Martha’s Vineyard Airport boasts new building

Firefighting and snow-removal equipment get new, spacious bays.


The $10.5 million facility replaced a World War II–era naval structure that had become obsolete. In addition to providing office and training space to airport staff, the new building will shelter vehicles like fire engines and snowplows, some of which were previously garaged in another part of the airport.

“This is something that was long overdue on Martha’s Vineyard,” said Mary Walsh, regional director of airports for the Federal Aviation Administration (FAA), prior to a ribbon-cutting on Thursday. “I think it’s absolutely spectacular. Thank you to Scanlon for being a good contractor. And the FAA is very pleased at how we spent our taxpayers’ money here on Martha’s Vineyard …”

Other officials who spoke included Airport Commission chairman Myron Garfinkel and airport manager Ann Richart, who both lauded multiple parties involved in realizing the project.

The FAA funded the lion’s share of the facility with a $8.3 million grant, while a much smaller sum of $461,683 was awarded by the Massachusetts Department of Transportation’s Aeronautics section. The remainder of the funds came from airport coffers, Ms. Richart told The Times, and she emphasized that no Island towns were assessed any portion of the building’s cost. While the facility will create much-needed office and training space, Ms Richart said she and assistant airport manager Geoff Freeman won’t be migrating over. They will stay in their present offices, which are connected to the airport terminal.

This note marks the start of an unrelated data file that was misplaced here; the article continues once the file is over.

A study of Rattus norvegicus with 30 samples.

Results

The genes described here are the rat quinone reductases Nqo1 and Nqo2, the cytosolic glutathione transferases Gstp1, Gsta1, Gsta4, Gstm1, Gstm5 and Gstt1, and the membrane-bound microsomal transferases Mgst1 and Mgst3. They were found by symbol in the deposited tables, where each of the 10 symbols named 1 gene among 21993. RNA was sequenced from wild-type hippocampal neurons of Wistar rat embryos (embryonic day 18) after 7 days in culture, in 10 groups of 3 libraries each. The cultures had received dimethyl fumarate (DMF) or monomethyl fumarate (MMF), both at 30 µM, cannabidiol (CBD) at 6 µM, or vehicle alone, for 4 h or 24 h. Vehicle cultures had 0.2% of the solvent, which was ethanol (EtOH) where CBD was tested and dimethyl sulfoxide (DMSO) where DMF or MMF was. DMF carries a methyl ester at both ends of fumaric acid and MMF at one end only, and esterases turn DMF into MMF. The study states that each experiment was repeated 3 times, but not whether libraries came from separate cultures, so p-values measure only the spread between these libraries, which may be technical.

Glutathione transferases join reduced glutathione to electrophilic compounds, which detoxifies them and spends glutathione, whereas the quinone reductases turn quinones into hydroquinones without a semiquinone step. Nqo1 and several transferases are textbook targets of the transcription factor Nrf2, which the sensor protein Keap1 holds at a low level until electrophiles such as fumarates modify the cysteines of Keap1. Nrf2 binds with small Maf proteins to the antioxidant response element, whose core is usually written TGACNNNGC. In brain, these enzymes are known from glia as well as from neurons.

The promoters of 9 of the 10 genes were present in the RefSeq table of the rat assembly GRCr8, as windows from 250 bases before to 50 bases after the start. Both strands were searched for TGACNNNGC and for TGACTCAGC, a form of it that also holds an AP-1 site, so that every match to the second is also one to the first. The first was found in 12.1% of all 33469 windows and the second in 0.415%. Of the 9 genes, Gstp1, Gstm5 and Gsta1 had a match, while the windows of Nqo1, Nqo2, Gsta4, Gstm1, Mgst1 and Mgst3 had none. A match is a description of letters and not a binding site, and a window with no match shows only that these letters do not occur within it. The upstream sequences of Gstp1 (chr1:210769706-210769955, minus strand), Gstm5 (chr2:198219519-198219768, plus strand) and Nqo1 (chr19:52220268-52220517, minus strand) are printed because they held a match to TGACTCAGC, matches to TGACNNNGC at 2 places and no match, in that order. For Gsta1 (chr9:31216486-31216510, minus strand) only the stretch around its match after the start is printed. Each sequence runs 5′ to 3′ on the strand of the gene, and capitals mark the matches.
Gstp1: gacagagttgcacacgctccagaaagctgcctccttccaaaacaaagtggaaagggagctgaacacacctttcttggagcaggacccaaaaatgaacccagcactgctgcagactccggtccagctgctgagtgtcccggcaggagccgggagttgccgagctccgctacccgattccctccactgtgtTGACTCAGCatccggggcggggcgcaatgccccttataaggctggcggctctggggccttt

Mr. Freeman, who oversees the airport’s firefighting force and is a captain in Edgartown’s fire department, said the bays garaging the fire equipment feature doors with 10-second open times for rapid deployment onto the tarmac. Another set of doors on the far side of the bays allow equipment to reenter without backing up. These do not appear to raise as quickly.

Like the terminal beside it, the new facility is clad in cedar shakes, but unlike that terminal it features a metal roof that boasts a longer lifespan than asphalt shingles.

Guests at the ribbon-cutting were treated to hors d’oeuvres, hot cider, and other refreshments, and were allowed to tour the structure on Thursday.